Showtime’s ‘George and Tammy’ recounts the tumultuous personal and professional relationship of George Jones and Tammy Wynette. Throughout the series, we find George struggling with alcohol and later drugs. To underline the extent of his addiction, the series introduces him to the audience while he is in a drunken stupor. His situation goes up and down, while he tries to leave behind his dark days but somehow ends up falling deeper into the abyss. If you are wondering how accurate the show gets while portraying his problem and whether he really was so dependent on alcohol and drugs, then here’s what you should know about him.
Was George Jones Addicted to Alcohol and Drugs?
Yes, much like shown in ‘George and Tammy’, country music legend George Jones suffered from alcoholism and drug abuse. While he was no stranger to alcohol at the start of his career, things really went downhill for him in the late 60s. In a profile article on him in Texas Monthly, it was revealed that the star first sought help for his drinking problem in 1967, after his father’s death. By this time, alcohol had adversely affected his two marriages and the effect was also starting to show in his professional life. He would often miss his performances, which garnered him the nickname of ‘No Show Jones’.
Jones’ marriage to Tammy Wynette gave him some motivation to get clean, but he could not sustain it for too long. Soon after his and Tammy’s daughter was born, he was committed to the Watson Clinic in Lakeland for ten days. His continuing indulgence with alcohol eventually led to the breaking down of his marriage with Wynette, following which, Jones only spiraled further. Soon, he got hooked on cocaine, which only worsened his situation.
With most of his days drowned in alcohol and drugs, the country music star also started piling up criminal charges against himself. In December 1976, he was “sued for drunkenly assaulting two women in Nashville”. In 1978, he was arrested for assaulting and beating Linda Welborn, his ex-girlfriend. By this time, according to NY Times, Jones had started settling the debts (from people who owed him) with drugs. In his autobiography, ‘I Lived to Tell It All’, he confessed that he’d also started hallucinating and suffered from a case of multiple personality disorder where he would have conversations with a duck and an old man. “They had personalities and passionate convictions of their own,” Jones revealed in his book.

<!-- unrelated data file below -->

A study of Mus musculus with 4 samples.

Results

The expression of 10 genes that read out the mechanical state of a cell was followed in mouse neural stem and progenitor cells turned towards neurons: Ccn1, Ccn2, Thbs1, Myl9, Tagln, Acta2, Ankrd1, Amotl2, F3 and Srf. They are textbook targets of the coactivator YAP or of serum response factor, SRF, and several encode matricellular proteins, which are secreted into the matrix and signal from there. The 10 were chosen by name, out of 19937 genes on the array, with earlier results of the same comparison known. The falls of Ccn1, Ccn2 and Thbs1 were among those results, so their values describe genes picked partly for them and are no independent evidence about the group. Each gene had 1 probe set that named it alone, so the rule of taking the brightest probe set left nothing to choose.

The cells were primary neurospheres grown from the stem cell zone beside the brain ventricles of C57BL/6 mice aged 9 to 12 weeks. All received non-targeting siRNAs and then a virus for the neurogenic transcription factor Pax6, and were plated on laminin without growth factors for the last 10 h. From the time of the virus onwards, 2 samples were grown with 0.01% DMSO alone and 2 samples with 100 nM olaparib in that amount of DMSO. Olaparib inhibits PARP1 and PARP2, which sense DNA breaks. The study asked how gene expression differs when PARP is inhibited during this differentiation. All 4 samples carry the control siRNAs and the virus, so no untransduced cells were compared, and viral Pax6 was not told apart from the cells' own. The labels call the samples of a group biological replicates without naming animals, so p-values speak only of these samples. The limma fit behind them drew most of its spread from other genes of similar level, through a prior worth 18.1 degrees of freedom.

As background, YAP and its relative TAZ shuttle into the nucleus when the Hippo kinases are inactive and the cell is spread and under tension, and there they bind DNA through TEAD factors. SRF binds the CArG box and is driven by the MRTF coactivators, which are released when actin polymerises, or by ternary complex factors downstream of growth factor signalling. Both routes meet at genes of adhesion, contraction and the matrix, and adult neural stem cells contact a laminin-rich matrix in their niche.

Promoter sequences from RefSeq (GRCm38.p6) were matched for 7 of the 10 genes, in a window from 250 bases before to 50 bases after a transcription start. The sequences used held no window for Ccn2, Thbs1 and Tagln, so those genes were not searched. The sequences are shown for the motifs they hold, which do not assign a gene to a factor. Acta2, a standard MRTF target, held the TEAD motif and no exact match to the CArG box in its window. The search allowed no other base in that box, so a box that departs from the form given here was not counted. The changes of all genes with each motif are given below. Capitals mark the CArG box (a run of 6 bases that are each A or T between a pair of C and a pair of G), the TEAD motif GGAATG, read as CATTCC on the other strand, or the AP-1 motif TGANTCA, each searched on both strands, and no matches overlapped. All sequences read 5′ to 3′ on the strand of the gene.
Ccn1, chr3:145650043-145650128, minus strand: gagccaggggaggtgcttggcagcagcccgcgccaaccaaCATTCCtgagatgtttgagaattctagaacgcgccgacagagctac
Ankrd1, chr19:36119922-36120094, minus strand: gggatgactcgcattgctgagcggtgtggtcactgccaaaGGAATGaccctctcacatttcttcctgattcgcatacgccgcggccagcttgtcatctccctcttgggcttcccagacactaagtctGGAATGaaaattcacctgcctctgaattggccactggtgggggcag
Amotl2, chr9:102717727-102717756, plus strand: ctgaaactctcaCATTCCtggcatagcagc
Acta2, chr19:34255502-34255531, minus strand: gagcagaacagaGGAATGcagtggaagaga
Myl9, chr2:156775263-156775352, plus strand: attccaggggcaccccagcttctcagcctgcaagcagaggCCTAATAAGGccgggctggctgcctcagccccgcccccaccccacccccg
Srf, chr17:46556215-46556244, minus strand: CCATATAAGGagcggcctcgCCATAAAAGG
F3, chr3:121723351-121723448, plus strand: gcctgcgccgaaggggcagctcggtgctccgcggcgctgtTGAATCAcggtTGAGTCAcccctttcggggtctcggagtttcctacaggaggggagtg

The ill effects of his addiction started to show in his financial state, and in 1978, he filed for bankruptcy. He had cited more than $1 million in debt and owed $36,000 in child support to Wynette. By 1979, he was living in his car and had lost considerable weight. By the end of the year, he was admitted to Hillcrest Psychiatric Hospital in Birmingham, Alabama, but that still didn’t help him much. As soon as he got out, he picked up where he’d left off. Following this, he claimed sobriety multiple times, and at least twice again faced hospitalization, while also getting arrested.
Eventually, when Jones finally did manage to leave behind alcohol and drugs, he gave the credit to Nancy Sepulveda, his fourth wife, to whom he remained married until his death in 2013. By 1983, his health had started deteriorating. The same year, he ended up in Hillcrest again, but this time, the doctors told him that if he didn’t reform himself, he might end up dead. Jones, now 52 years old, got out of the hospital in March 1984 and performed his first sober show in a very long time.
“She [Nancy] has been a very big help in saving my life and career and just about everything. They say when you get that low and in that shape, everybody needs some help, and if I hadn’t got that help, I probably wouldn’t be here today,” Jones said. He also confessed that by then, it had become a “either quit or die” situation for him, and that helped bring things in perspective. Reflecting on his troubled years, he confessed that he had “let so many people down”, for which he felt guilty. But he also considered himself “the most luckiest person in the world” for the support of his fans, whose letters and fan mails supported him through such dark times. He was grateful to them for having “stood by me, even though they got madder than hell at me.”
After this rollercoaster of a few decades, Jones reformed not only his life but also his career. He made up for the shows that he had missed previously and patched up with the people he had fallen out with due to his own misgivings. By the late 90s, he was completely sober and remained so for the rest of his life.